Friday, March 25, 2011

Measles Outbreak in New South Wales, Australia

Australia generally has a much better situation, regarding popular views of vaccination, than the U.S. Over there, the primary anti-vaccine group, the Australian Vaccination Network, is openly called an anti-vaccine organization by the mainstream media. Their non-profit status was revoked last year and they have been sanctioned by the Australian Health Care Complaints Commission. Furthermore, they have been caught breaching copyright law on several counts. There are no major celebrities endorsing antivaccine nonsense.

With all of that going for Oz, you'd think things would be fine. Not so.

The New South Wales Health Department issued an alert that, in the last four weeks, there have been 29 confirmed cases of measles in the Australian state. Seven of the cases have been directly connected to individuals traveling overseas who were unvaccinated or only partially vaccinated. Of the remaining 22 cases, 11 are connected to previously identified patients and the rest of the infections have, as yet, an unknown source.

Although vaccination rates for NSW have generally been high, comparable to the national average, the state is also home to the aforementioned Anti-Vaccine Network Australian Vaccination Network. The region in which the AVN is headquartered is notorious for its love of alt-med and rejection of real medicine. Vaccination rates in the region are below the norm, so much so that they had a pertussis outbreak several years ago that resulted in the tragic death of 4-month-old Dana Elizabeth McCaffery.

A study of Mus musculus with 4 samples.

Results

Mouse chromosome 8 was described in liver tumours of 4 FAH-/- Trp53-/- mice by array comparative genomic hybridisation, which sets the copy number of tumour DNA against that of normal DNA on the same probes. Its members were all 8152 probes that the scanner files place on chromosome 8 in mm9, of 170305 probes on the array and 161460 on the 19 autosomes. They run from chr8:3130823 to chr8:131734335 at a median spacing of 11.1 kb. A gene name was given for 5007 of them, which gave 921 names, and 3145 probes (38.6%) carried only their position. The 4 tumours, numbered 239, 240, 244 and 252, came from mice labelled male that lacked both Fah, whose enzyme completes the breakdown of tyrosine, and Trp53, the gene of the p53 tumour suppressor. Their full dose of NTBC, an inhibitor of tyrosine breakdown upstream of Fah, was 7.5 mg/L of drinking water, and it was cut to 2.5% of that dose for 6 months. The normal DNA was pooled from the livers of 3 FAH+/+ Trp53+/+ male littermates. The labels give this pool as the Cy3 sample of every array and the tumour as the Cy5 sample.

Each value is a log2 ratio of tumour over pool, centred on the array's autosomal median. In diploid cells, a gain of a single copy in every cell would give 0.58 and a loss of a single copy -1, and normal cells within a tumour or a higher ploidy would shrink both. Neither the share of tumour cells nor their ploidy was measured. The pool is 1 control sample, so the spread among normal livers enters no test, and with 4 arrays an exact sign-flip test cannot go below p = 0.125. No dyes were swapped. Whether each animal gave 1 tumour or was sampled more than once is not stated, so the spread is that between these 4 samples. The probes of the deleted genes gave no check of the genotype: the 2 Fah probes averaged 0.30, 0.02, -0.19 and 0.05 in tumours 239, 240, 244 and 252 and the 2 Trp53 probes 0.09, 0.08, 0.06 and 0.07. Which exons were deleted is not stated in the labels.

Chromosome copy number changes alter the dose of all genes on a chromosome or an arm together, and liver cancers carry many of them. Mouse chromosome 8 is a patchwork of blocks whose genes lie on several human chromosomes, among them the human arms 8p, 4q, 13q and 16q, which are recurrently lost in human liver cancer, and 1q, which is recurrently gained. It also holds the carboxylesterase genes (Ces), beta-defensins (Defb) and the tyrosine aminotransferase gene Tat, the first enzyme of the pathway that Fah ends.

There are some people who make light of outbreaks like this and think that it is not something to worry about. But the outbreaks in Australia, Minnesota and Boston illustrate how important it is to ensure you and your children are vaccinated. Some may just view these cases as numbers, but there are actual people there. Children are suffering from a preventable disease. The financial burden, particularly on low-income families, is not insignificant, even without hospitalization. As I mentioned before, the cost to hospitalize one measles patient in MN could pay for enough vaccine to immunize anywhere from 89-245 individuals.

I apologize for harping on vaccination and measles outbreaks lately, but frankly, it infuriates me that these are happening when they don't need to. If everyone did what is their moral, public responsibility and got vaccinated against the measles, we could eliminate that vaccine from the total list. Yet wide-spread, willful ignorance guarantees that we will continue to need it for quite some time.